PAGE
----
In a major reality check for lung cancer screening advocates, adherence rates in the real world are a far cry from the achievements seen in RCTs such as the NELSON and NLST trials.
A systematic review and meta-analysis of the evidence, comprising 19 US studies and almost 17,000 participants, has found an overall adherence rate of 55% across all follow-up periods.
According to the study published in JAMA Network Open, this rate compares unfavourably with impressive adherence rates of 90% and 94% respectively, seen in the two pivotal RCTs.
The systematic review excluded RCTs but included other prospective and retrospective studies where people at any level of risk of lung cancer entered a screening program and continued beyond their baseline low-dose CT.
The meta-analysis found the pooled rate for adherence was 30% in studies with screening at 12-month intervals, 70% in studies with 15-month intervals and 68% in studies with 18-month intervals.
It found current smokers were less likely to adhere to screening compared with former smokers (OR, 0.70; 95% CI, 0.62-0.80).
White race (OR, 2.0; 95% CI, 1.6-2.6), older age (OR, 1.4; 95% CI, 1.0-1.9) and higher educational attainment (OR, 1.5; 95% CI, 1.1-2.1) were factors associated with increased adherence.
“Given the overall low rates of cancer screening adherence within the US population and among high-risk individuals, it is not surprising that LCS adherence was lower than that seen within the controlled setting of clinical trials,” the study said.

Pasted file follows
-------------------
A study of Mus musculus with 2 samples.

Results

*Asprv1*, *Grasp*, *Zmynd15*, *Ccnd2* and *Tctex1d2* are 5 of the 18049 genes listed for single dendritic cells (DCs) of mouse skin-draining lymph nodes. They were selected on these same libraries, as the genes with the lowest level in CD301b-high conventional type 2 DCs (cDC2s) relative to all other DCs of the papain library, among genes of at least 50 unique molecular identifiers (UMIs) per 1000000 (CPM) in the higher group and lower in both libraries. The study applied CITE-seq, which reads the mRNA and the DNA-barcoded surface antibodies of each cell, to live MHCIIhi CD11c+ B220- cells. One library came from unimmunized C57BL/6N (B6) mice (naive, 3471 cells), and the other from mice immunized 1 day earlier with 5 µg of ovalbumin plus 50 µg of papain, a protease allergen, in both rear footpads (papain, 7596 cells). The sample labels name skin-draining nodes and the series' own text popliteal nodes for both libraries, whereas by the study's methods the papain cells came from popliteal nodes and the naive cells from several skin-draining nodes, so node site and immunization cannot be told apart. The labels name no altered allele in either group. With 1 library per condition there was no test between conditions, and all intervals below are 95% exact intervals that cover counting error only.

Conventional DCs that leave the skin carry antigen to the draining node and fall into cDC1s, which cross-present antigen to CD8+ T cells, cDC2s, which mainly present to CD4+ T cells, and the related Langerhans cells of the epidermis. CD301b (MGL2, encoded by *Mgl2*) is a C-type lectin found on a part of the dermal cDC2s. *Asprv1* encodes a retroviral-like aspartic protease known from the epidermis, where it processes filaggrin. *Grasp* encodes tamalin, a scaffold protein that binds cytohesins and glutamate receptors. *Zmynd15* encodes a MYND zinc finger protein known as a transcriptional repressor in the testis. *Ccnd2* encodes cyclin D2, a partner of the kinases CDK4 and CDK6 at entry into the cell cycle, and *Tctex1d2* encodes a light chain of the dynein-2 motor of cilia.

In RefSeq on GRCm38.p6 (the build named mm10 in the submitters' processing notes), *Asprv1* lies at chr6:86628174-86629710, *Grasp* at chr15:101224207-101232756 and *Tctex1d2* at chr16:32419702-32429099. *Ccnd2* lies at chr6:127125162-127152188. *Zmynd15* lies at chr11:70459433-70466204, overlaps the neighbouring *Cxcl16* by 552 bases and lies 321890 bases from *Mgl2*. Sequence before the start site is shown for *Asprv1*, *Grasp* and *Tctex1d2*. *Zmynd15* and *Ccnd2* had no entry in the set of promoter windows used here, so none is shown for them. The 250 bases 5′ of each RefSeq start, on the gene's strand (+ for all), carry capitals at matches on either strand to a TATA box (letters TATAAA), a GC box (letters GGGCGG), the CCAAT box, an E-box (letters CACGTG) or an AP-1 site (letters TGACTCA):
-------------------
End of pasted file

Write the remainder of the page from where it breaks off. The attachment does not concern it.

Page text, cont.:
The investigators said that uptake of screening for bowel cancer (68.8%) and breast cancer (70%) in the US were the result of the tests being available and recommended for many years.
“In contrast, LDCT for LCS is a relatively nascent field with most intervention efforts still focusing on increasing uptake and acceptability among patients and practitioners rather than promoting the importance of annual adherence.”
They said that stigma associated with lung cancer might also be a factor hindering higher screening rates.
“Prior work suggests that lung cancer stigma is a multilayered issue that spans individual and societal levels and includes placing blame on the individual for smoking as well as public attitudes and policies.”
“Furthermore, patients have reported feeling as though some health care professionals do not understand how their smoking was affected by the culture and period in which they have lived.”
The investigators, led by Dr Maria Lopez-Olivo from the MD Andersen Cancer Centre, said their findings had implications for lung cancer screening recommendations.
“Interventions should be directed toward increasing LCS adherence among several key groups: current smokers, patients of races other than White, and patients with lower levels of education.”
They also noted that data was needed on adherence with diagnostic testing among patients with abnormal scan results and adherence with curative treatment for those diagnosed with a stage I or II cancer.